The Top Theorists You'll See in Introduction to Sociology classesFebruary 16th, 2018 by Christine Chadwick
At its most basic level, sociology is the study of human behaviour and how it relates to culture. Ethics also plays a major role in this area. Students who receive a sociology degree often go on to pursue jobs in criminal justice, business, government, communications, and other fields. Most Sociology classes will cover these top three theorists.
Emile Durkheim is often considered the father of sociology and cited as the one who made it a science. A French sociologist, Durkheim is famous for contributing landmark ideas regarding the structure of society. He believed the aim of sociology should be to note what he called "social facts" or universal truths about the way society functions. Unlike many other theorists of his time, Durkheim focused on the internal behaviors of people as opposed to external societal factors. Durkheim's studies on society also play a significant role in the study of anthropology.
Before the first day of your Sociology classes, you will have probably heard of Karl Marx. His most famous contribution to literature is The Communist Manifesto, which he wrote with Friedrich Engels. Marx took a scientific approach to the study of sociology. He held that through examining past historical events and outcomes, he could discern societal tendencies and determine what would happen in the future. This may sound like fortunetelling, but Marx's approach was based around logic and simple theories like cause and effect. At the basis of Marx's sociological view is the class struggle between the property-owning class and the labouring class. Marx believed revolution on the part of the lower class was the only effective way to disrupt the status quo.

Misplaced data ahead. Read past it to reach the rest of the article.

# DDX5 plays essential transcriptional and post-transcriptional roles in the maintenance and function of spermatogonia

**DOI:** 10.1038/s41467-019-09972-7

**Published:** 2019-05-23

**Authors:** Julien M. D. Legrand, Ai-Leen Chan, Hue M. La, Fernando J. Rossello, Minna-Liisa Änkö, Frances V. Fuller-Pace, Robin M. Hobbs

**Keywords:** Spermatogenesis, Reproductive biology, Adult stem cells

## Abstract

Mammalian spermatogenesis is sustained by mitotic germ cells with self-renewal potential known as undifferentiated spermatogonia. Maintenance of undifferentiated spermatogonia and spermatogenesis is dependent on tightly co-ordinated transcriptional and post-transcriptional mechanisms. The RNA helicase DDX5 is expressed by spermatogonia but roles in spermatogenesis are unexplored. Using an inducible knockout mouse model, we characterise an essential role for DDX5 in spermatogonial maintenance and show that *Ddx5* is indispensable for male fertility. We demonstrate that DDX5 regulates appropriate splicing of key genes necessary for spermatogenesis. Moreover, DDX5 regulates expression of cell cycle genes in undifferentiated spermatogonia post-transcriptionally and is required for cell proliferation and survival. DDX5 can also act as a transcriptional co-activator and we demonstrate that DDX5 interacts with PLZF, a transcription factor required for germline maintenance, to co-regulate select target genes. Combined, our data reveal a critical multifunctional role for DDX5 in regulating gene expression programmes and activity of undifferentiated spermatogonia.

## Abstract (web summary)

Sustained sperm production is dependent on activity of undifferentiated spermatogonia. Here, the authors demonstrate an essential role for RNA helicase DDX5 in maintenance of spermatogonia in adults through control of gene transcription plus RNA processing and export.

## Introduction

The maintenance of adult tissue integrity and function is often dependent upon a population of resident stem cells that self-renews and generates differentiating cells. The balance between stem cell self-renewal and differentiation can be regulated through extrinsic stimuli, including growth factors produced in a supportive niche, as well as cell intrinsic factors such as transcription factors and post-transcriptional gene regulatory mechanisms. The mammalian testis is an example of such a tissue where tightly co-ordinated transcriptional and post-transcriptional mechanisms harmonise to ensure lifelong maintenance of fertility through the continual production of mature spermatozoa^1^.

Many sociologists consider Max Weber to be the father of modern sociology. Like Marx, Weber wrote extensively on capitalism. His unique approach to industrialisation as a result of religion and ideas, rather than of technological innovations, was and still is groundbreaking. Like Durkheim, Weber believed insight can be gained through comparative study of world societies. Weber felt that the cultural outlets of society, like religion and art, trickle down to more practical aspects, like economics and politics. Weber wrote several works on the sociology of religion and its impact on human behaviour and class structure.
Sociology students will likely delve much deeper into the ideas of these three theorists. Many of their theories remain relevant to society today, which is the reason they are still studied in sociology courses across the nation today.